THE PM was yesterday accused of making it a “dark day for democracy” after tearing up anti-sleaze rules to protect a Tory MP.
Ex-Cabinet minister Owen Paterson was set to be kicked out of Parliament for 30 days after misusing his position.
But he was saved after Boris Johnson ordered MPs to vote to rip up the rules.
A Tory-dominated panel will now be created to oversee a new appeals process.
Labour’s Sir Keir Starmer accused the Tories of “outright corruption” and said his party will have nothing to do with “this complete and utter sham process”.
And Labour said the PM has plunged the Tories back into the dark days of cash-for-questions.
A spokesman for Angela Rayner called the amendment a “grubby stitch-up”.
Fifty-one Tories defied No10 to vote against.
But it passed by 250 votes to 232 to shouts of “shame” from Labour.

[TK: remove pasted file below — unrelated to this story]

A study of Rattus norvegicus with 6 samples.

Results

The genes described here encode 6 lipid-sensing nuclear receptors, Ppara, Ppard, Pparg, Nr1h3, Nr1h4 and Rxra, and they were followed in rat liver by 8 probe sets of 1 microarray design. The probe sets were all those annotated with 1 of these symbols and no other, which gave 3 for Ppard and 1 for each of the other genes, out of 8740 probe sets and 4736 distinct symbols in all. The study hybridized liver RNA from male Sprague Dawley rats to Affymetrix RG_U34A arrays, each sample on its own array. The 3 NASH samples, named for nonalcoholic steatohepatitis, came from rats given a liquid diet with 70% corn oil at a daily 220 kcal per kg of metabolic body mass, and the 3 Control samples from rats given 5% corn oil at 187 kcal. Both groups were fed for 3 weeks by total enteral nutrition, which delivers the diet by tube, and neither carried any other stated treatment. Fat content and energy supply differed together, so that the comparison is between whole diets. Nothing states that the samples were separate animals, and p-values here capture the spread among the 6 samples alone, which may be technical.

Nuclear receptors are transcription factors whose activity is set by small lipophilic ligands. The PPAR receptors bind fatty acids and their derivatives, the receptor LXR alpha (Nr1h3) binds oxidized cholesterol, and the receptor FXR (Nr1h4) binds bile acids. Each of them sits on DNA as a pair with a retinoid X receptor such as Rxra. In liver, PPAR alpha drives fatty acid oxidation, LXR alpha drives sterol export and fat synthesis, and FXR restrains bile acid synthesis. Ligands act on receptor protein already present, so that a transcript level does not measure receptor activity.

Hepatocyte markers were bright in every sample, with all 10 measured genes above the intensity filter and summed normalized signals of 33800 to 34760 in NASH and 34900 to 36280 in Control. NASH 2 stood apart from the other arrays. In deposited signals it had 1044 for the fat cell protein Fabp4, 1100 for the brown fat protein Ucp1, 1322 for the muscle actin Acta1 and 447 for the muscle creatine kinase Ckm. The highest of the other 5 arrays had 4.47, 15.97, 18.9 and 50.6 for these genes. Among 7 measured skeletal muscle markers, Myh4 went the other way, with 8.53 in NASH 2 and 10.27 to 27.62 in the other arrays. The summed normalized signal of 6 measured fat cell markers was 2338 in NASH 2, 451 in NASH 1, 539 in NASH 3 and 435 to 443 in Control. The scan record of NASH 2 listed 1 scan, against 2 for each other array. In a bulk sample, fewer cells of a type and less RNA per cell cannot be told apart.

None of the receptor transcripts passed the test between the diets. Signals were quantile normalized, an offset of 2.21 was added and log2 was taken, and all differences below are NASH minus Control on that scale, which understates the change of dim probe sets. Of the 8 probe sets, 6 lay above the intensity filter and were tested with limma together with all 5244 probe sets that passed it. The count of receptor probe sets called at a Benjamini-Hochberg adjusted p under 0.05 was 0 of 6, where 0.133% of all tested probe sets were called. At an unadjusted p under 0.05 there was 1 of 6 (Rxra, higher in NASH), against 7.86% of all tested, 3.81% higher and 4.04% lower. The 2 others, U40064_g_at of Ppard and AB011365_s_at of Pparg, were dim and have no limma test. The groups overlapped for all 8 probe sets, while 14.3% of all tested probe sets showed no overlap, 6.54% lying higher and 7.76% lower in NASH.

Tory MP Simon Hoare branded it “unedifying and somewhat embarrassing”.
His colleague Aaron Bell warned: “It looks like we are moving the goalposts.”
Father of the House Sir Peter Bottomley said: “We chose the system. If we want to consider changing it, we do it in a proper way instead of considering it in the way we are now.”
Chris Bryant, chairman of the Committee on Standards which oversaw the case, told The Sun afterwards: “This is a terribly dark day for democracy.
“The rule of law means we don’t change the rules to protect a friend or attack a foe. That is what Russia does — not Britain.”
North Shropshire MP Mr Paterson was found to have used his job to lobby ministers and officials for two companies that paid him £112,000 as a consultant.
He said the investigation “did not comply with natural justice” as he was not given a chance to call witnesses.